As the holiday shopping season gets into gear, remember that buying cheap goods made in China contributes to our trade imbalance, the "creative destruction" of American jobs, and global carbon emissions (both from coal-burning power plants in China and from the container ships transporting the raw materials and finished products across the ocean).
It's almost impossible to avoid buying products made wholly or partly overseas. However, if you are willing to make the effort to buy American where you can, this website is very useful. With so many of our friends and neighbors out of work, the holidays will be merrier if you support local businesses as much as possible. Buy books and DVDs from a bricks-and-mortar store rather than online (if you sign up for coupons, it can be just as cheap). Give gift certificates for services. Your grandmother doesn't need more perfume or dust-collecting knick-knacks, but she might enjoy a day of pampering at a salon or day-spa, or a dinner with the family at a nice restaurant. Studies have shown that people who spend their money on experiences rather than things tend to be happier.
Many of us make charitable contributions during the holiday season. There are a great many very worthy charities that do a lot of good with those contributions. There are also charities that spend more money on fundraising than they do on the programs that help those in need. The American Institute of Philanthropy does an excellent job of researching charities and helping donors get the most bang for their buck. Their website lists top-rated charities in a variety of categories. For a small donation, you can subscribe to their Charity Rating Guide, which gives more detailed information about how much various charities spend on fundraising and administration versus services.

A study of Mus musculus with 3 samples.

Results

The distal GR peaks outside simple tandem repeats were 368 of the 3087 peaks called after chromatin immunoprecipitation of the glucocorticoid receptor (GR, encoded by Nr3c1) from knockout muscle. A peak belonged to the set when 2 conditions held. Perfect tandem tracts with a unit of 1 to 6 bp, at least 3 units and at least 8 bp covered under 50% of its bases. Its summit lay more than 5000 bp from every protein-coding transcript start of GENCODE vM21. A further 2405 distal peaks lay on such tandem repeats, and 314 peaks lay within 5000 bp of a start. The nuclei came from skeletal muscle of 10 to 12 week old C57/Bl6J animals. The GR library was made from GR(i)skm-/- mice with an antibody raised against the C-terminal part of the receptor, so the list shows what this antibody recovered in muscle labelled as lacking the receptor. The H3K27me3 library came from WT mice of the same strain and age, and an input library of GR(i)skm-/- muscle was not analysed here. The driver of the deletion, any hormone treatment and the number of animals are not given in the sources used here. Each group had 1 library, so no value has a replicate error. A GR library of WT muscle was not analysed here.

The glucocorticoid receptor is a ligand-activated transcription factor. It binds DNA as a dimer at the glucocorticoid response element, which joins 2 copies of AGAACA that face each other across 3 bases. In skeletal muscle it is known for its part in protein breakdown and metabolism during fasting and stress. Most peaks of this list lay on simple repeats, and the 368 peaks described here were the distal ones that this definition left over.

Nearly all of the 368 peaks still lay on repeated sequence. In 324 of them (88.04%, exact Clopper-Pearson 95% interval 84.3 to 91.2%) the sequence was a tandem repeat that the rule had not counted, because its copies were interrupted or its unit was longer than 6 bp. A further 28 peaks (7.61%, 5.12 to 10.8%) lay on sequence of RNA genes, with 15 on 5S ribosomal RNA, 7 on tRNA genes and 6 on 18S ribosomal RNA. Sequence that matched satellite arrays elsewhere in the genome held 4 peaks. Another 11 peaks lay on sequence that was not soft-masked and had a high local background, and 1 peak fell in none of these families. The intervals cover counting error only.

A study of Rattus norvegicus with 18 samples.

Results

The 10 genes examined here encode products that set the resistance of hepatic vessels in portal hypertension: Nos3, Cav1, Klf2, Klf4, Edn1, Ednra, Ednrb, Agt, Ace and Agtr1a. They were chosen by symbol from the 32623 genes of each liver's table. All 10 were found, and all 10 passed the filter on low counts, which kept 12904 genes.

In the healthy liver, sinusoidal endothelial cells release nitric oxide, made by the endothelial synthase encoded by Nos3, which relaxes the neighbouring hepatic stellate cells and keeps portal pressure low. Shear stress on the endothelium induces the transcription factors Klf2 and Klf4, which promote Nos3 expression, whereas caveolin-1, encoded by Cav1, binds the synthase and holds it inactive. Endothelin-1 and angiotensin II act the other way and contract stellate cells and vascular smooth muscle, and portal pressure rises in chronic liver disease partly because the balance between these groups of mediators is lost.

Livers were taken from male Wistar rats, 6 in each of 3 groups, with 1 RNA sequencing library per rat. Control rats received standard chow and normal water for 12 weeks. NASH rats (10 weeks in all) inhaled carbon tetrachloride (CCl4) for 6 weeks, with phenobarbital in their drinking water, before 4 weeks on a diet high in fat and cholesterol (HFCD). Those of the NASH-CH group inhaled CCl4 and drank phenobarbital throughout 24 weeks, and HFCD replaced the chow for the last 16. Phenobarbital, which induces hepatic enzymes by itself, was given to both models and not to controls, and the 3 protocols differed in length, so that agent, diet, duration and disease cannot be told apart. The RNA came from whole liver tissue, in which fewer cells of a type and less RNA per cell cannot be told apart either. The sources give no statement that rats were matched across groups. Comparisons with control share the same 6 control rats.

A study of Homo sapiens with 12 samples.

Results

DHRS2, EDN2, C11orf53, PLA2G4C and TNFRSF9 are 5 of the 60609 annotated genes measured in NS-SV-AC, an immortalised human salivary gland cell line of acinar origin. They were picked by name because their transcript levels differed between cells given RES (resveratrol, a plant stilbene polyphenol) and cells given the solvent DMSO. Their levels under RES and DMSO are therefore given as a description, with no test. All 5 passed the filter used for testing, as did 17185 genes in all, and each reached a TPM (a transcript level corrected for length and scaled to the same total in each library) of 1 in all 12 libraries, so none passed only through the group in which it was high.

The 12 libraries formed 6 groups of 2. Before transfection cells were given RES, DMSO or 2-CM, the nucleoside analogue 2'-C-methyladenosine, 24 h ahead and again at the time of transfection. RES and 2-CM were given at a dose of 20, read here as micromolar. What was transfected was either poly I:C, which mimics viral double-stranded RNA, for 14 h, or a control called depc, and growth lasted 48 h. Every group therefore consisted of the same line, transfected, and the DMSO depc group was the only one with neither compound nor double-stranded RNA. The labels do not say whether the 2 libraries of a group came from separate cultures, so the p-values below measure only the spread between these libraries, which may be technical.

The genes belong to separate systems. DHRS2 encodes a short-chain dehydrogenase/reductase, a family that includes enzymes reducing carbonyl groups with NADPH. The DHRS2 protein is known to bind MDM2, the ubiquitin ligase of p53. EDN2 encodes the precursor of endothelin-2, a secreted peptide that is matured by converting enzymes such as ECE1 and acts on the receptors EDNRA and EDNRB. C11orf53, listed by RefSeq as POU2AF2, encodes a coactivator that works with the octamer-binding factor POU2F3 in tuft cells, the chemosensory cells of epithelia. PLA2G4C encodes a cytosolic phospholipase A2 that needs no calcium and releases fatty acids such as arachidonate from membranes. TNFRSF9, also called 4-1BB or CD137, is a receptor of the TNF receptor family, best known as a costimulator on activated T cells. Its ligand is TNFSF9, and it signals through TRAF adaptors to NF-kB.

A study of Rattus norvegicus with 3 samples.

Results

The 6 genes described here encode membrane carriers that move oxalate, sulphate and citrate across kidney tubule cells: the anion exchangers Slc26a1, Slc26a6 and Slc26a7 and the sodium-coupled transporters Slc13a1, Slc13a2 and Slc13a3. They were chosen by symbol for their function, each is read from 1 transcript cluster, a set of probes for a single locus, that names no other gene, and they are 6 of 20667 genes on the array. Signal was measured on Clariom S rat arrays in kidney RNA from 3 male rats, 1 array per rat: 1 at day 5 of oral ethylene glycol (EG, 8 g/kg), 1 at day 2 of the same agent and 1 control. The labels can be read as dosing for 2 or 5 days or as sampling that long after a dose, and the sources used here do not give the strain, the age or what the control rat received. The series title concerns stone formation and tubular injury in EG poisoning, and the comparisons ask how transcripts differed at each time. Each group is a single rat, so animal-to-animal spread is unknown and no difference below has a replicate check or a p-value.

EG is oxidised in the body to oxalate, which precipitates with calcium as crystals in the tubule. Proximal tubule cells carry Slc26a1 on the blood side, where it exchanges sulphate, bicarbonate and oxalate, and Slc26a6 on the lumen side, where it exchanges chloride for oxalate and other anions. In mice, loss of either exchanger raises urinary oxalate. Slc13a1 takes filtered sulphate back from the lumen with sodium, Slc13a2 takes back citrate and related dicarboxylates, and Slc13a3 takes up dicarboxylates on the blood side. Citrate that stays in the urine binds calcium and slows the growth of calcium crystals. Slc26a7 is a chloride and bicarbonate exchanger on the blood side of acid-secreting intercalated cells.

Finally, if you are starting to make 2011 vacation plans, think seriously about visiting Las Vegas or New Orleans. Both are terrific cities for visitors, and both have been hit harder by the recession than many other places. Las Vegas was ground zero for the real estate bubble, and New Orleans' fishing and offshore drilling industries took a big hit after the Deepwater Horizon explosion, just as the area was beginning to bounce back after Katrina. Both places can be affordable vacation destinations if you avoid their peak tourist season and patronize the restaurants that target locals rather than tourists.